The return of risk management

The return of risk management

19 September 2020 by Mikhail Treyvish


In 2020, a risk that no one had warned about except Bill Gates and the scriptwriters of Hollywood blockbusters was realized.

And suddenly it turned out that no one was waiting for it, and no one knows how to manage it. And if no one was ready to manage the main risk of the year (and, perhaps, the main risk of the decade), then it means that we simply did not have risk management.

It was nowhere to be found: neither globally nor locally, nor in banks, nor in factories, nor in airlines.

Or it was at a very primitive level, focused on the systemic risks that everyone was used to. For example, the risks of emergency situations on aircraft board. But the risk that planes would not take off at all, because no one was able to fly, since the borders were closed, was not considered at all.

In general, the management of non-systemic risks has always been bad everywhere. However, I was born in a country that was very well prepared to manage one non-systemic risk. The country called the USSR, and the risk was a nuclear war. I don't remember very well the university civil defense course, but I still have the feeling that it was thought out to the smallest detail where to run (or crawl) in case of the appearance of the nuclear mushroom cloud.

If we were prepared for a pandemic as thoroughly as the Soviet Union was ready for a nuclear war, then there would have been no pandemic long ago.

So risk management has to come back, and it does.

But it becomes (or rather should become) different.

And, in my opinion, we should expect four major changes.

1. Risk management is no longer the business of risk managers.

Risk management issues have to be solved in absolutely any company and organization at different levels. Yes, in fact, each person now has to solve personal risk management issues much more often. For example, during the peak of the pandemic, the question "Should I leave the house and go to the store today?" becomes a typical risk management issue. And not everyone will hire personal risk managers for himself. Though, one can expect that a certain category of people will get personal risk managers in addition to personal chefs or personal butlers.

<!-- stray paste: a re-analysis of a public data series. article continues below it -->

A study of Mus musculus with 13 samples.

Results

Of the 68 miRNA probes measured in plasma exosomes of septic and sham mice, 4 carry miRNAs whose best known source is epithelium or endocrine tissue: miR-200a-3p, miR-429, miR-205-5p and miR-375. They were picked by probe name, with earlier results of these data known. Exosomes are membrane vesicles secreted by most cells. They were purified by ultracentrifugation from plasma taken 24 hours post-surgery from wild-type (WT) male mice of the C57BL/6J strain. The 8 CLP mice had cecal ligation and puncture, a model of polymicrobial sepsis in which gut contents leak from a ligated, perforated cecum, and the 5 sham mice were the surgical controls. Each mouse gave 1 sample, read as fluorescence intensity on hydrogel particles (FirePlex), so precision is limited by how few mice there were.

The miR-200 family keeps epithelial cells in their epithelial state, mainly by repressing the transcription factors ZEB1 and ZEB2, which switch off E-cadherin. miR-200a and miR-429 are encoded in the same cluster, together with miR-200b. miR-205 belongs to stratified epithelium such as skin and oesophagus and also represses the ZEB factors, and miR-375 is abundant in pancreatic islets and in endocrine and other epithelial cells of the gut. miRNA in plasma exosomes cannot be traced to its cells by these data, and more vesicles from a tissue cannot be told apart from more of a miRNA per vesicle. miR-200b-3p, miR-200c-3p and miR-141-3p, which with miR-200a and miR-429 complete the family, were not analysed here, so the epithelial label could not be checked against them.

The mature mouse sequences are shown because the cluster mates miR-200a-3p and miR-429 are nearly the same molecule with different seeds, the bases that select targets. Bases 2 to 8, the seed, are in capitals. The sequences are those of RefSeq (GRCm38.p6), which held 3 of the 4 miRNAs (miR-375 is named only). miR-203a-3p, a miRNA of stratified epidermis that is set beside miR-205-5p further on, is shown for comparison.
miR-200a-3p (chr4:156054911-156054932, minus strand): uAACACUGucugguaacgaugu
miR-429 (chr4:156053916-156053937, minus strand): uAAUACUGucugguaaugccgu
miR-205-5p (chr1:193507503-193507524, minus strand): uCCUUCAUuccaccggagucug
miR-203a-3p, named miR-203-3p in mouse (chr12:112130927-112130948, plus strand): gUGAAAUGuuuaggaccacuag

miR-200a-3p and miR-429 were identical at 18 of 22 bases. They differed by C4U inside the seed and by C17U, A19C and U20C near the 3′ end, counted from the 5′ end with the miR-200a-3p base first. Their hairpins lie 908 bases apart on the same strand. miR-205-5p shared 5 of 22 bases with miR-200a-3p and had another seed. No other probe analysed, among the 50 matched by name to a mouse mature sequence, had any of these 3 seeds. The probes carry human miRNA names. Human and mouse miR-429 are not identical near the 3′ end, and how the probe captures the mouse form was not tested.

2. Identifying latent and non-systemic risks and managing them becomes a top priority.

With traditional, systemic risks, everyone knows how to manage. However, the most serious negative consequences may arise from non-obvious, hidden risks, the identification of which becomes the most important and at the same time very creative task. Signs of latent risks are sometimes very subtle and strange. For example, I recall my personal 25-year experience in the factoring industry, where one of the worst hidden risks is customer fraud. So, one of the clear signs of hidden fraud is the absence of overdue debts, which seems to be nonsense to a "normal" risk manager.

And, by the way, one of the tools to identify hidden risks can become crowdsourcing - my new passion. Indeed, in order to imagine what unusual risks a person, company, organization, country, or all of humanity may face, you need a strong imagination and broad horizons, which someone in the open community of volunteer associates (i.e., in the crowd) will certainly have.

3. Procrastination is no longer a risk management tool and diversification becomes one.

Until recently, the" mantra" of risk management was: if you don't want to face new risks, start fewer new projects. This stops working, because at one point a key business of a company or an organization is completely blocked by a realized non-systemic risk.

And then diversification, the intention for which forces to open new projects, becomes a risk management tool. Let's look again at airlines as an example. While writing this article, I came across the news about the opening of Thai Airways cafe in Bangkok, where visitors sitting in chairs similar to those in aircraft cabins are offered on-board menu dishes. Here is a great example of diversification, but a little belated. I'm sure that if one of the airline managers had suggested going into the restaurant business before the pandemic, his colleagues would never understand him. But this is not only an anti-crisis measure, but also a natural step to expand the company's monetization channels. And, by the way, even in a completely calm and healthy time, such cafes and restaurants can have a lot of visitors. For example, people who usually fly in economy, for whom visiting such a restaurant can help experience the charm of business or first class service without buying the costly ticket. And, by the way, crowdsourcing can also play a significant role in finding new directions for business development in order to diversify it (and, therefore, to manage risks). Though not only it, of course.

4. The risks are no longer scary.

Because if we realize that we know how to manage risks, we stop being afraid of them.